Carragher: England's loss is Liverpool's gain as Gerrard retires from international duty


Carragher, who played alongside Gerrard for both club and country, believes the 34-year-old midfielder has several more years in his legs as he prepares to embark upon another Champions League campaign with the Merseysiders.

The former defender told Sky Sports News: "Listen, for Liverpool Football Club, it's a great decision. I am sure the Liverpool supporters will be happy.

"You get a fresher Steven Gerrard. He had a great season last season with the demands of England.

"But there will be more demands on Liverpool this season, more expected because of the season they had last year, and Steven Gerrard is still a vital part of Liverpool - and I think he will be for the next two or three years, so for (manager) Brendan Rodgers, it's a great decision by Stevie."

Carragher insists Gerrard could have continued to represent both Liverpool and England, as he did last season, although he admits the demands of Europe's most prestigious club competition lie behind his decision.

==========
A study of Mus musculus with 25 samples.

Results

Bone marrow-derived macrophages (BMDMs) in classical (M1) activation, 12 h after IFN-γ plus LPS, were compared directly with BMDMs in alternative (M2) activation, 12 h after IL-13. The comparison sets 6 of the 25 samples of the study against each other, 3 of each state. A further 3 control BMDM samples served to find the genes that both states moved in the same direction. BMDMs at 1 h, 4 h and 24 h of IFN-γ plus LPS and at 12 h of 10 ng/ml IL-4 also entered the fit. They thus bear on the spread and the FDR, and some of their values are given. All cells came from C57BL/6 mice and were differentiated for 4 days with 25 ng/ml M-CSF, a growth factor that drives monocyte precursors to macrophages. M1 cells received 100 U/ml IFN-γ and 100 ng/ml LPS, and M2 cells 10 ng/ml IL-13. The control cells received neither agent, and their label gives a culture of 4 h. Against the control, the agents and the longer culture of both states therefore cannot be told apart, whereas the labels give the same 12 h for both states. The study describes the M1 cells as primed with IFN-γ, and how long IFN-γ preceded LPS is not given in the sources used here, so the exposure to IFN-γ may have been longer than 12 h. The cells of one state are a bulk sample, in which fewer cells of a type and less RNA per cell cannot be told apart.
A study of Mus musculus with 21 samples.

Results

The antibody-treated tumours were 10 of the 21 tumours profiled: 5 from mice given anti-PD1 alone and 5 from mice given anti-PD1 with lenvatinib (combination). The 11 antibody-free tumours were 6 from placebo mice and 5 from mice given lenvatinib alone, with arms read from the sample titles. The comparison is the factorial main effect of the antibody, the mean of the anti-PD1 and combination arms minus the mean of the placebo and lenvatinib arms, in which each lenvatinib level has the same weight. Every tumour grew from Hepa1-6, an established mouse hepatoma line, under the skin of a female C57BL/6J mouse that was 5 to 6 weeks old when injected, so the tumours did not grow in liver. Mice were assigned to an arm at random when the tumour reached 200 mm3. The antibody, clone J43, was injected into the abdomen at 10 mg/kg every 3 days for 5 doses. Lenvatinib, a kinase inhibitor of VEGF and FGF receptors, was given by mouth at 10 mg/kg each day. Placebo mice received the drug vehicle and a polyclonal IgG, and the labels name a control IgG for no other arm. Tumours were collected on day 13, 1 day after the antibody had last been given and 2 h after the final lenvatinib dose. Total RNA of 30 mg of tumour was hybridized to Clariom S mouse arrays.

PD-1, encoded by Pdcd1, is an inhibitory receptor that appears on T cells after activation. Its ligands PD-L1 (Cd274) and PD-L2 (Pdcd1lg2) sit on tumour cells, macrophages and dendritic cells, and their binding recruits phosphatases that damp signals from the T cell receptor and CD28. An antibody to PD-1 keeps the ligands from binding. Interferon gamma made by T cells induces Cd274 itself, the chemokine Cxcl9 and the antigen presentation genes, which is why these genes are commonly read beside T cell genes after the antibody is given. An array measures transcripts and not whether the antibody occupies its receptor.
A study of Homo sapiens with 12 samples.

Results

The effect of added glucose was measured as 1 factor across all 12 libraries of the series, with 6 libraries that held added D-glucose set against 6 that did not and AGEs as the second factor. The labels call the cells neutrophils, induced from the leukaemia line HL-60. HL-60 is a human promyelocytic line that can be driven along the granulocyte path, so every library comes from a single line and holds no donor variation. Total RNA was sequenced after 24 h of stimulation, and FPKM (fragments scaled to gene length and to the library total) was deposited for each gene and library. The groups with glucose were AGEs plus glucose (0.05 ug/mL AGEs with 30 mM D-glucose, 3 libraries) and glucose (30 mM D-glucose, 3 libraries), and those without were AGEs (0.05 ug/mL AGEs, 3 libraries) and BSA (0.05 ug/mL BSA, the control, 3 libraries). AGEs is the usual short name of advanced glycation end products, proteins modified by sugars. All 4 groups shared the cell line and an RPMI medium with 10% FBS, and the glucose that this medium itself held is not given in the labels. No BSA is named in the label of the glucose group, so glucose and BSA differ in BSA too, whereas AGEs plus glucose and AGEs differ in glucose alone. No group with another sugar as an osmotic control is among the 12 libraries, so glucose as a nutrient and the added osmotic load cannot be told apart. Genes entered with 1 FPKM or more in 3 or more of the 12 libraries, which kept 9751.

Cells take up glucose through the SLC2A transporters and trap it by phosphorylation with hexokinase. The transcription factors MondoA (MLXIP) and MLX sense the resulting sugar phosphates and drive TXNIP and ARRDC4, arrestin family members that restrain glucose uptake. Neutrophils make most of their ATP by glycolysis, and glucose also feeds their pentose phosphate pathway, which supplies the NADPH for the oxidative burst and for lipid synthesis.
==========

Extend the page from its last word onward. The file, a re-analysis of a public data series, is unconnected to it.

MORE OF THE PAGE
He said: "I think he could have. I think he has shown that throughout his career, he has been able to deal with the demands of Liverpool and England.

"I think just that fact of Liverpool being back into Europe now, that adds to the schedule of games.

"At times, you are playing two or three times a week because he is still vitally important to Liverpool, and I think he is also for England in some ways because there isn't a natural person you could see taking the role he has now with England in terms of that holding role, that sitting role.

"There are not many young players coming through in that role, but England will have to find someone to fill that role."

Gerrard ended his England career having won the last of his 114 caps at an ultimately disappointing World Cup finals in Brazil, and Carragher admits he will have done so, like many of his contemporaries, regretting the fact that a so-called Golden Generation never quite reached the heights expected of it.

He said: "Of course, that's not just Steve, that's a whole generation of those players, that they never got quite close enough, maybe even getting to a semi-final or a final in a big tournament.

"You think of the players they have had over the last decade or so, I think it will be a big disappointment for all of them.

"That's why it probably was a bigger decision, because England didn't do so well in the summer.

"I think he would have loved to have had a great World Cup, the team do really well, all come back and then his decision to retire may have been a bit easier because I think he, along with a lot of those players who played in that decade or so, may feel we probably should have achieved more."